Soft Skills & 21st Century Education

A prospective parent called me recently and asked a great follow-up question a few days after she had toured the Dawson campus. She asked:

“You regularly discussed something besides literacy, math and science that Dawson emphasizes. Let’s call it X. You mentioned that this X is really important for kids to get before high school. Is X critical thinking? I can’t recall but I do remember that our discussion made an impression on my husband and me. Can you remind me of what X is?”
This was such a great discussion that I’d like to share my response with everyone in the Dawson community. When this parent asked “can you remind me of what X is?”, my answer was that X actually represents all the transferable skills that 20 years of research show define successful long-term learning outcomes in the 21st Century. These specific skills (i.e., the X) are:

1. Analytical and Creative Thinking and Problem-solving
2. Complex Communication — Oral and Written
3. Leadership and Teamwork
4. Digital and Quantitative Literacy
5. A Global Perspective
6. Adaptability, Initiative, and Risk-Taking
7. Integrity and Ethical Decision-Making

As educational leaders, scientists, psychologists, and researchers from various disciplines worked to reinvent education for the modern world, what quickly became apparent was that much of what was important to long-term student outcomes was completely absent in education. It was accepted that innovation, globalization and technology had transformed society and the workplace, but what was less clear was the impact of this societal transformation on education. Yet the simple fact remained that public school-style education - the same education that, for the most part, seemed to work just fine for the previous generation - was no longer working for this new generation of learners.

So, what exactly wasn’t working in the nation’s public schools? Education reformers realized that tracking students to have blue collar application skills for the factories, or white collar cognitive skills for management, does not serve today’s workforce. Their first move was to add what’s commonly called soft skills. These encompass personality traits, attitudes (such as, establishing a growth mindset) and beliefs (such as, we learn from failure) that were generally accepted in the workplace as the characteristics and behaviors of economically successful people. As reformers tried to embed soft skill-building into curriculum, traditional subjects like reading, math and science then became known as hard skills. However, because soft skills are difficult to teach in a classroom environment where student learning, processes and outcomes are measured almost exclusively by subject and standardized test scores, they took a backseat to the one thing that in public schools is instantly measurable: hard skills.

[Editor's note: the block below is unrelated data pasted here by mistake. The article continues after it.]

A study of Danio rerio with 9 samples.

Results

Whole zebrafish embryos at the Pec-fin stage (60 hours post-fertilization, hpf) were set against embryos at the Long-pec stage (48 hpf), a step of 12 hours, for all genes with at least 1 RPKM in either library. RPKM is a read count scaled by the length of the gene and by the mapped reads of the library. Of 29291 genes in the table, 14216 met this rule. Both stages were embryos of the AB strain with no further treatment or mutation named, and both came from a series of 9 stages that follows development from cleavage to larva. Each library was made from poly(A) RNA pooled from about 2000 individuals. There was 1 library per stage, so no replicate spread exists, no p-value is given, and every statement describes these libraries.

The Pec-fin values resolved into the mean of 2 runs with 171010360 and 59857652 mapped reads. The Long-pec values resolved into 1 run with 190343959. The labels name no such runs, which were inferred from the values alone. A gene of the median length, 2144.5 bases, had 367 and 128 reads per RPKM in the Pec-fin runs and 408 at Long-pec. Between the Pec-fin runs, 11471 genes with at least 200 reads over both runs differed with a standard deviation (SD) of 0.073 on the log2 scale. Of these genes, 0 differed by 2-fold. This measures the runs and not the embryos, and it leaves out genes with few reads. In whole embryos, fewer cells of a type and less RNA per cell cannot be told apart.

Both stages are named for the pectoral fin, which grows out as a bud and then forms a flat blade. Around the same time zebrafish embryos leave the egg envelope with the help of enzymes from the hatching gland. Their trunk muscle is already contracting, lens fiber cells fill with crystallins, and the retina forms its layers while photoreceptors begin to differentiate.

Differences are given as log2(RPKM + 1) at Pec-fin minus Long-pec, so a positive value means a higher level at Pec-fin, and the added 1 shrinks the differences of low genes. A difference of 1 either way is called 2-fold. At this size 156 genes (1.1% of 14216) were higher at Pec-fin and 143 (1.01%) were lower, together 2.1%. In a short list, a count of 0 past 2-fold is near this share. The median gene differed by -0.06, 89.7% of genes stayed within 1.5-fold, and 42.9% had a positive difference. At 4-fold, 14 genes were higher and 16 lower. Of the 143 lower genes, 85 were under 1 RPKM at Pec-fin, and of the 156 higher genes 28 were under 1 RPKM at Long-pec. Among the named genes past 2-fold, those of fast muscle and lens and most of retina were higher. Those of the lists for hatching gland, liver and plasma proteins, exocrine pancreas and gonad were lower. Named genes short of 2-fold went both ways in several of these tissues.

At the same time that education reformers were trying to make the case for teaching soft skills in public school, a much more sophisticated understanding of the child and adolescent brain was emerging. This magical convergence of research in neuroscience and education led to what is now a universal understanding: once you redefine success as something beyond a job title, paycheck or the mastery of a specific skill, these soft skills can no longer be viewed as superfluous or nonessential. Rather, they are the essential and imperative outcomes of a deliberate, well-rounded and intentional education.

As for hard skills (reading, math, science and other disciplines), research has also shown that concept introduction and mastery is not nearly as important as understanding the purpose and meaning behind these subjects. Rote memorization of subject matter was replaced first by critical thinking skills, and now the emphasis is on project-based learning and real-world concept application. In 2017, we now know that subject matter can no longer live on its own; it must be applied to the real world to enhance content understanding and student engagement, which is the only way students will gain what the National Association of Independent Schools (NAIS) defines as the essential capacities for the 21st Century.

The bottom line: these so-called educational soft skills are no longer a bonus - they are X - the imperative outcomes of a successful education in the 21st Century.

Suggested reading:

By Davida Sims, Director of Advancement

The Alexander Dawson School

The Alexander Dawson School at Rainbow Mountain, an independent school located on 33-acres in the community of Summerlin, is Nevada’s first Stanford University Challenge Success partner school for students in early childhood through grade eight. Utilizing the unique Challenge Success framework, Dawson uses research-based strategies and programs that emphasize student academics, wellbeing, and a healthy school-life balance to create more engaged, motivated, and resilient learners and leaders. At Dawson, students achieve their individual potential while savoring life and meeting the challenges of the world.